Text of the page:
Propagation of native trees and shrubs from seed is not easy for all species, but by following the advice given below it is possible to grow your own planting stock from locally collected seed. General experience with growing garden plants from seed is useful, although tree and shrub seed requires some different techniques.
Note the following:
- The main benefit in growing your own plants from seed is that you can collect from local native trees and shrubs, which if growing in a similar soil and position to the planting site should be well adapted to local conditions. Very old trees or those from old woods or hedgerows may be of a local genetic strain which it is worth maintaining.
- Growing your own trees from local seed is a worthwhile activity which can involve the community in many ways, and which not only produces trees, but has other benefits for the people involved. growing trees from seed is an excellent project for schools, which has links with the national curriculum, as well as with wider environmental awareness and practical skills. Many schools have suitable sites for growing and planting, as well as the continuity required to maintain a project for a few years.
- A small, well-run nursery from which young transplants are produced for planting out may be worthwhile on economic grounds, as young trees can be produced very cheaply. On the other hand, commercial nurseries have the expertise and economies of scale to produce good quality stock at reasonable prices, and normally are able to give buyers the flexibility to choose what they want, when they want it. In your own nursery your stock will be limited by the seed which you are able to collect and successfully germinate, and grow on for two years. Trees of particular species do not produce seed every year.
- Local or community tree nurseries are likely to be most successful if they are set up in response to a particular need for planting in the following three or four years. Alternatively, they may be part of a large project where trees are to be planted each season over many years. The less successful community nurseries are those set up without a planned planting site for the stock produced, and where the temptation is then to keep the young trees for too long in the nursery. Record keeping is an important part of running a community nursery, as different people may be involved in running it.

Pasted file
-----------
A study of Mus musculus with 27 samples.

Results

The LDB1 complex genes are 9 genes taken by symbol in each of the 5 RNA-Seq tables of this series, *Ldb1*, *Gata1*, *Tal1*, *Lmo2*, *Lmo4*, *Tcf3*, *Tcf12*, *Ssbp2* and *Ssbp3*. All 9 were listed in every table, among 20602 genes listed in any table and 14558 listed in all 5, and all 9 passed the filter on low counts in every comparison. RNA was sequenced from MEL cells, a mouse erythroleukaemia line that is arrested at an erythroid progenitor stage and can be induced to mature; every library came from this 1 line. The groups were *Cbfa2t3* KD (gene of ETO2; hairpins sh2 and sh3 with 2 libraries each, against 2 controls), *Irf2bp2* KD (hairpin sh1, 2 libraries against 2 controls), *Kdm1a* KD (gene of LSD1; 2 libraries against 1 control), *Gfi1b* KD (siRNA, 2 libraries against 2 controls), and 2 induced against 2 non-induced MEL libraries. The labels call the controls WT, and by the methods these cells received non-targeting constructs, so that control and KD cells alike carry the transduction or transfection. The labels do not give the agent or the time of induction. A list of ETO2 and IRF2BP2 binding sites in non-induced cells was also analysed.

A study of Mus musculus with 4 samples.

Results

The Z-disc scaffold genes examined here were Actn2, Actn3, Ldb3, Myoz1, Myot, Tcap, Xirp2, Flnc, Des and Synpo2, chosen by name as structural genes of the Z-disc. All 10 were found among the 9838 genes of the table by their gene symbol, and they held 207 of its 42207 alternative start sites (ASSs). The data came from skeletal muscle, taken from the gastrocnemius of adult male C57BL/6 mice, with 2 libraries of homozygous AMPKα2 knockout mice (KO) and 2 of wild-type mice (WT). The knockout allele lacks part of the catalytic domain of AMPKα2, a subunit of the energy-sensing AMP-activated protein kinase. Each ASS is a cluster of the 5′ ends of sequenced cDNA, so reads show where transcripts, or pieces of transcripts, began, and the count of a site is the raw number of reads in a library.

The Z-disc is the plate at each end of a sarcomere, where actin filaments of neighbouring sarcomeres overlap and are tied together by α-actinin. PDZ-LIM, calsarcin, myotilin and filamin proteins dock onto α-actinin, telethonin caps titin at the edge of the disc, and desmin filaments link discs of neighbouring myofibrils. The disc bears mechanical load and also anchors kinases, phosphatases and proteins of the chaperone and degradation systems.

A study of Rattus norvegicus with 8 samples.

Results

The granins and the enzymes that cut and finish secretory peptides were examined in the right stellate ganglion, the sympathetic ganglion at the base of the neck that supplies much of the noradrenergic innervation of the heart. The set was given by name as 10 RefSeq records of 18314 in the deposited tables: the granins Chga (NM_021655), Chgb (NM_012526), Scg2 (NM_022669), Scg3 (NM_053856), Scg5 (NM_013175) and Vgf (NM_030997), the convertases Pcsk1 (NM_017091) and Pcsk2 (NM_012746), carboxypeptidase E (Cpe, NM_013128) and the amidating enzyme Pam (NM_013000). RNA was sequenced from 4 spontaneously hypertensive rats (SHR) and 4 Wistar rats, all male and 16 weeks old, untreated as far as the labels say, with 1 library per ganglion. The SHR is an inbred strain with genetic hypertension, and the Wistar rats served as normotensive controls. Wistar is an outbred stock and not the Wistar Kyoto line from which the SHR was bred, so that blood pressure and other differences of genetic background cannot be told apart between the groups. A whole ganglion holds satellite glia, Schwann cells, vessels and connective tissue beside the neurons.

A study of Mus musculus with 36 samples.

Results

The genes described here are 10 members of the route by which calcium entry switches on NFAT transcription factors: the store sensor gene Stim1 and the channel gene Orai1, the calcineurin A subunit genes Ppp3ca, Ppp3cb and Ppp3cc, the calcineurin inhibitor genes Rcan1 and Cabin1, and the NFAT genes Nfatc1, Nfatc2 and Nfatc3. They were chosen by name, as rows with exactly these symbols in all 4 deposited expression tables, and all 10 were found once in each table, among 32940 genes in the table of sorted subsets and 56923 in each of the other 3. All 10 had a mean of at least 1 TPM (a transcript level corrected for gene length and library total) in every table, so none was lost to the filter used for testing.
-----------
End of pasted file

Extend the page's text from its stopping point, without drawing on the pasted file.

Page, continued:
- The Forest Reproductive Material Regulations 1977 control the marketing of reproductive material (seeds, plants and parts of plants) of species used for timber production, which includes five native species. These Regulations only apply to the marketing of reproductive material, and do not apply where planters collect and raise planting material for their own use. Since 1999, a voluntary system has been introduced which covers the sourcing, production and use of all native tree and shrub species throughout Britain. For details see the Forestry Commission Practice Note Using Local Stock for Planting Native Trees and Shrubs (August 1999), which should be consulted by all growers and planters of native stock, both professional and voluntary. It contains valuable guidance on the production and use of local stock of native trees and shrubs, including the map of local seed zones, the native species appropriate to each zone, and advice on seed collection.
There have been many technological advances in the production and establishment of trees from seed. These make it easier, for the grower, both professional and amateur, to successfully produce and plant trees. For most species, this means that young trees can be planted out in their final sites within a period of about 2 years from the time the seed is collected. Short production times have obvious advantages for commercial growers, but for voluntary groups they are also appropriate. The shorter the time the young trees are in the nursery, the fewer the problems with control of root growth, disease and other factors, and the sooner the plants will be where you want them! Techniques include the following:
- Temperature treatment of seed, to encourage quick and even germination.
- Polytunnels and fleece, which give protection for young seedling trees, and allow the production of trees on nursery sites which might otherwise be too exposed or cold.
- Plastic netting, to keep birds off outdoor seedbeds.
- The use of plastic cells or pots for growing trees from seed until planting out.
- Plastic sacks for the safe transport and storage of young bare-root trees.
- The use of treeshelters and guards after planting out to enhance the growth of young trees, and to give protection from browsing animals.
- The use of herbicides or sheet mulches to remove weed growth around establishing trees. Herbicides or sheet mulches are a more efficient means of overcoming weed competition than the use of larger planting stock.